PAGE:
Friday, 18 October 2013

Guest Post: Marcus Sedgwick Talks Research and Writing She Is Not Invisible!

I'm a big fan of Marcus Sedgwick and his many books and am very lucky to have him on my blog today - thanks Marcus! His new book, She Is Not Invisible, was published in the UK on October 3rd - how nice is the cover?! Another fantastic release from Indigo!

Here's what it's all about:

Laureth Peak's father is a writer. For years he's been trying, and failing, to write a novel about coincidence. His wife thinks he's obsessed, Laureth thinks he's on the verge of a breakdown. He's supposed to be doing research in Austria, so when his notebook shows up in New York, Laureth knows something is wrong. On impulse she steals her mother's credit card and heads for the States, taking her strange little brother Benjamin with her. Reunited with the notebook, they begin to follow clues inside, trying to find their wayward father. Ahead lie challenges and threats, all of which are that much tougher for Laureth than they would be for any other 16-year old. Because Laureth Peak is blind.

Sounds good, yes?! I'll be reading it myself very soon, but until then here's Marcus talking about research and how he wrote She Is Not Invisible. Enjoy!


I’m so lucky to be a writer. For lots of reasons; one of the main ones being that you get to travel to some very interesting and cool places, call it work, and maybe, if you sell a book or two, even get paid for it. That’s pretty wonderful, I have to say, but for my new book, She Is Not Invisible, I travelled no further than Worcester, good old United of Kingdom, and yet as a result, I got the greatest reward from any of my writer’s travels yet.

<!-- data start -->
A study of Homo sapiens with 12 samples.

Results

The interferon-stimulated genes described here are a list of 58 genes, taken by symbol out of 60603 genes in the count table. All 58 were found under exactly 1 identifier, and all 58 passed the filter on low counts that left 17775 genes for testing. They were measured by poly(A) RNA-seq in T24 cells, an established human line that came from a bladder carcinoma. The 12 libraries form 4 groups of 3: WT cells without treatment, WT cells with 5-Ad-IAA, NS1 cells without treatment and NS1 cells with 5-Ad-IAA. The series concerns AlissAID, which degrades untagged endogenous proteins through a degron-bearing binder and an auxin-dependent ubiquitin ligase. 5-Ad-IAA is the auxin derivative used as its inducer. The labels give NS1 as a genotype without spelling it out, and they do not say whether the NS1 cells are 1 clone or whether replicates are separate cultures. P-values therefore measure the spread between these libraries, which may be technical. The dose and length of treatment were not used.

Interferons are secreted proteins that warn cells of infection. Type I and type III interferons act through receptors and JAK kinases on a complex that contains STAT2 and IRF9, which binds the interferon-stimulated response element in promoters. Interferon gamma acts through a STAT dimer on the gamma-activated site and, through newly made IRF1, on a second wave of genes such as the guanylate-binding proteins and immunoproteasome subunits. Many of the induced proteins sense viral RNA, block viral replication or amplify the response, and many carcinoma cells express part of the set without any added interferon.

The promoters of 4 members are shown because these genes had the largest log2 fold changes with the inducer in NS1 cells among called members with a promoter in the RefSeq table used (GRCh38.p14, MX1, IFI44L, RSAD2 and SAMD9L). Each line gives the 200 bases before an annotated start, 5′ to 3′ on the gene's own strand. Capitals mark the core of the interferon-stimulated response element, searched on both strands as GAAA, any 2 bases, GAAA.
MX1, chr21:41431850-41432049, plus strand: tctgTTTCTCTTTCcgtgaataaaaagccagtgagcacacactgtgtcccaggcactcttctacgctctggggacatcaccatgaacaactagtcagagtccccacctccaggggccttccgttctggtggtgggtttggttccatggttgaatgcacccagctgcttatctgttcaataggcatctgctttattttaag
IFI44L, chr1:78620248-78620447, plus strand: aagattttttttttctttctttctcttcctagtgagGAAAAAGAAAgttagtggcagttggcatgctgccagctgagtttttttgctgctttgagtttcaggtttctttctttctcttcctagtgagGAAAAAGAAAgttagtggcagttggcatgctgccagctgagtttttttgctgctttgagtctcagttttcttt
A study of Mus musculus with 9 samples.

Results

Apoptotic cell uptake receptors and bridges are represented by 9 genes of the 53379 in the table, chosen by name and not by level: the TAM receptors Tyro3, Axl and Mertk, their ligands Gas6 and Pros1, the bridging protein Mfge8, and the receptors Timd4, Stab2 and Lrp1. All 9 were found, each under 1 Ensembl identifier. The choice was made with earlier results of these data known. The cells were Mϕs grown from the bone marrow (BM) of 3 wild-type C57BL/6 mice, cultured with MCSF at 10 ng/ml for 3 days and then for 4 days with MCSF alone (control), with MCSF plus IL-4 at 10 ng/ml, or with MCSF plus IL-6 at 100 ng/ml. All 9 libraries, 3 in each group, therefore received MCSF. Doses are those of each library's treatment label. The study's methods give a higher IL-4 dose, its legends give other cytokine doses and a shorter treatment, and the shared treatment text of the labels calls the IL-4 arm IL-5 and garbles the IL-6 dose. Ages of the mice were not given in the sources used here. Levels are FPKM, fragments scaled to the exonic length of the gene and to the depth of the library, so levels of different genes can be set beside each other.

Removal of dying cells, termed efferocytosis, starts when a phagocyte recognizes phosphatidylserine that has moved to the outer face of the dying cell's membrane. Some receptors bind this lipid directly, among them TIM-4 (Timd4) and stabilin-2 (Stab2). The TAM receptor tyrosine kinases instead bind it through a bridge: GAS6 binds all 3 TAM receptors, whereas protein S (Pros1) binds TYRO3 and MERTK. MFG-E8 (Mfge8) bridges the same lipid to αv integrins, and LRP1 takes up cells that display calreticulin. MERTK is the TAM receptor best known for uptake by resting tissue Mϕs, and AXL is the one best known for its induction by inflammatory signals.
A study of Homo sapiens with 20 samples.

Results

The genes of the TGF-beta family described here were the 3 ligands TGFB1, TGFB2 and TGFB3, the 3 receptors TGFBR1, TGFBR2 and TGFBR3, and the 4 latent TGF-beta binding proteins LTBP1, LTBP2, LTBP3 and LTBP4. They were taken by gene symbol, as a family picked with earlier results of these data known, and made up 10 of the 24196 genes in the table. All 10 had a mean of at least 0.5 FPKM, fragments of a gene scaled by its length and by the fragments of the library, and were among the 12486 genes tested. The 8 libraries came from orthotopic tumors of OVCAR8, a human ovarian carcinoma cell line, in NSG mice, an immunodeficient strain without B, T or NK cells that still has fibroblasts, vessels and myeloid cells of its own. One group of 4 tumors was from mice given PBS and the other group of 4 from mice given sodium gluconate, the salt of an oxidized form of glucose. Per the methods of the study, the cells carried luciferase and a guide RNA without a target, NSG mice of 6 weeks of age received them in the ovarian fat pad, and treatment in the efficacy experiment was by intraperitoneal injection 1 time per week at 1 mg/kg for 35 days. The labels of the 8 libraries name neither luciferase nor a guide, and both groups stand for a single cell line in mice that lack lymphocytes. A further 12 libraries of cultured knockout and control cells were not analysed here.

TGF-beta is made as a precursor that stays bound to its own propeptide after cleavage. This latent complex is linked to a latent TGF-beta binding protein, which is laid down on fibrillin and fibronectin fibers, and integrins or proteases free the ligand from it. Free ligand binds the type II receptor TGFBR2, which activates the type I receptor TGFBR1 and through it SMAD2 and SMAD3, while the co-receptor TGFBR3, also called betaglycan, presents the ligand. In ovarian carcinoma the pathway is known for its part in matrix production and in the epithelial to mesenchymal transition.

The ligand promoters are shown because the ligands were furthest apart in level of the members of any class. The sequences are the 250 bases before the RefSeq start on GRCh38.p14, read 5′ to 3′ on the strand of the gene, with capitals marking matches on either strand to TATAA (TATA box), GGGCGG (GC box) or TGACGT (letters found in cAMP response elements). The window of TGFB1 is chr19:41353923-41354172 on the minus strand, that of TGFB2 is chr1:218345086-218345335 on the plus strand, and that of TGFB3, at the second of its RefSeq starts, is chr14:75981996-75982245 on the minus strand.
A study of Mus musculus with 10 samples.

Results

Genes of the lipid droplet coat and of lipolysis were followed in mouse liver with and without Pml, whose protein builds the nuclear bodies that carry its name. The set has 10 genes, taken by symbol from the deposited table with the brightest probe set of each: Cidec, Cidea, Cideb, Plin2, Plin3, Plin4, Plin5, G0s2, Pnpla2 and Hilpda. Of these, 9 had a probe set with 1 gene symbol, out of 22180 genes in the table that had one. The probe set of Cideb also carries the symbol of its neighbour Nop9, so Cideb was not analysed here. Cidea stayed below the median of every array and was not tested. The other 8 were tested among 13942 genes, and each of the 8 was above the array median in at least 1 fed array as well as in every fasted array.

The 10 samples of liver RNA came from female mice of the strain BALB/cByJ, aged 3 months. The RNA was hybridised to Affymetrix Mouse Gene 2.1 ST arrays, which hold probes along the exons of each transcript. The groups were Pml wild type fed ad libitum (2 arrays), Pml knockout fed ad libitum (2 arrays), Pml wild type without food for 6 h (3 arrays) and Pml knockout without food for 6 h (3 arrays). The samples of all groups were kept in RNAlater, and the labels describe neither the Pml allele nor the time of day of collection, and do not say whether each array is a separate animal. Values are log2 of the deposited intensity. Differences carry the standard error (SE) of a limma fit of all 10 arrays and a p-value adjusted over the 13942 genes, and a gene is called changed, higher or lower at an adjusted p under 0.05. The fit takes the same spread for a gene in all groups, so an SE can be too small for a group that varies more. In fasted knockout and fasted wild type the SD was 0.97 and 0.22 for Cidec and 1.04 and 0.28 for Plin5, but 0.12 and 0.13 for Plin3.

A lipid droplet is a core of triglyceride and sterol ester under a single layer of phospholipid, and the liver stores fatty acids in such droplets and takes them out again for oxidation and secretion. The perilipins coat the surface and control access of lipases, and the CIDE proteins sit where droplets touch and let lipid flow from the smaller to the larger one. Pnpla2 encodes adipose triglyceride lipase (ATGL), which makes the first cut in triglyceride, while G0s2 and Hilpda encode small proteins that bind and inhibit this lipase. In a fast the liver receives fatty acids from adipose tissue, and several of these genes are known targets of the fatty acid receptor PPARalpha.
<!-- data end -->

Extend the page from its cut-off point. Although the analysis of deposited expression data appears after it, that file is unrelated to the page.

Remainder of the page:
So why’s that? Worcester? What does it have to offer us apart from sauce?
I’d been trying to write a book about coincidence. I’d been trying for a very long time, on and off for seven years in fact. Not getting very far, if I’m honest, and then, about two years ago, two ideas occurred to me. Firstly, I realised that books about coincidence generally do not work. Ask your folks about The Celestine Prophecy for proof of that. So instead, I decided to write a book about a writer who is obsessed by the idea of coincidence, which I thought would make life easier for me. It did. The second idea, however, made life harder. For reasons I won’t go into here, I decided to write the book, in the first person, from the perspective of a 16-year-old girl. A 16-year-old girl who has been blind from birth.
I knew this would be hard. I had no idea how hard, until I started doing some reading and research into the world of the visually impaired. I spent the afternoon with an 11-year-old girl, blind from birth, and that afternoon alone was enough to show me how big a mountain I had decided to climb.
So, it was from there, that I made the first of a series of visits, over two years, to a unique school - a blind boarding school, in Worcester, called New College. It was here, over the last couple of years, that I began to ask a lengthy series of stupid questions to the students there. They were amazing. Amazing because with great patience, and incredible openness, they talked to me about anything and everything to do with being blind.
I was stuck at the time, as a writer, I mean. I didn’t know what to write, never mind how to do it. And yet, from that very first meeting, I came away with a wonderful gift. The students at New College are unbelievable. They are inspiring, and I mean that with no connection to writing, whatsoever. I mean they inspire you to live better, to complain less, to do more. Not to whinge when you have a cold. The librarian there, who was also very, very helpful, told me that in fifteen years, she has never heard a single child say ‘poor me’ despite some of the uncommonly traumatic things these students have lived through. Things like those which have happened to a friend of mine there, an 18-year-old boy, who finally lost all sight despite more than ten operations on his eyes, after each of which he had to lie still for ten days in the hope his retinas might reattach. They didn’t.
I could not have written She Is Not Invisible without the students of New College. It is their book. I’m just grateful to them for the gift they gave me, and it was there, right on my doorstep.


1 comment:

maya said...

I'm reading She is Not Invisible at the moment and it's so good. There are bits that really made me think about what it would be like to be blind - like when Laureth says that colour doesn't mean anything to her because she's never known it. Lovely post!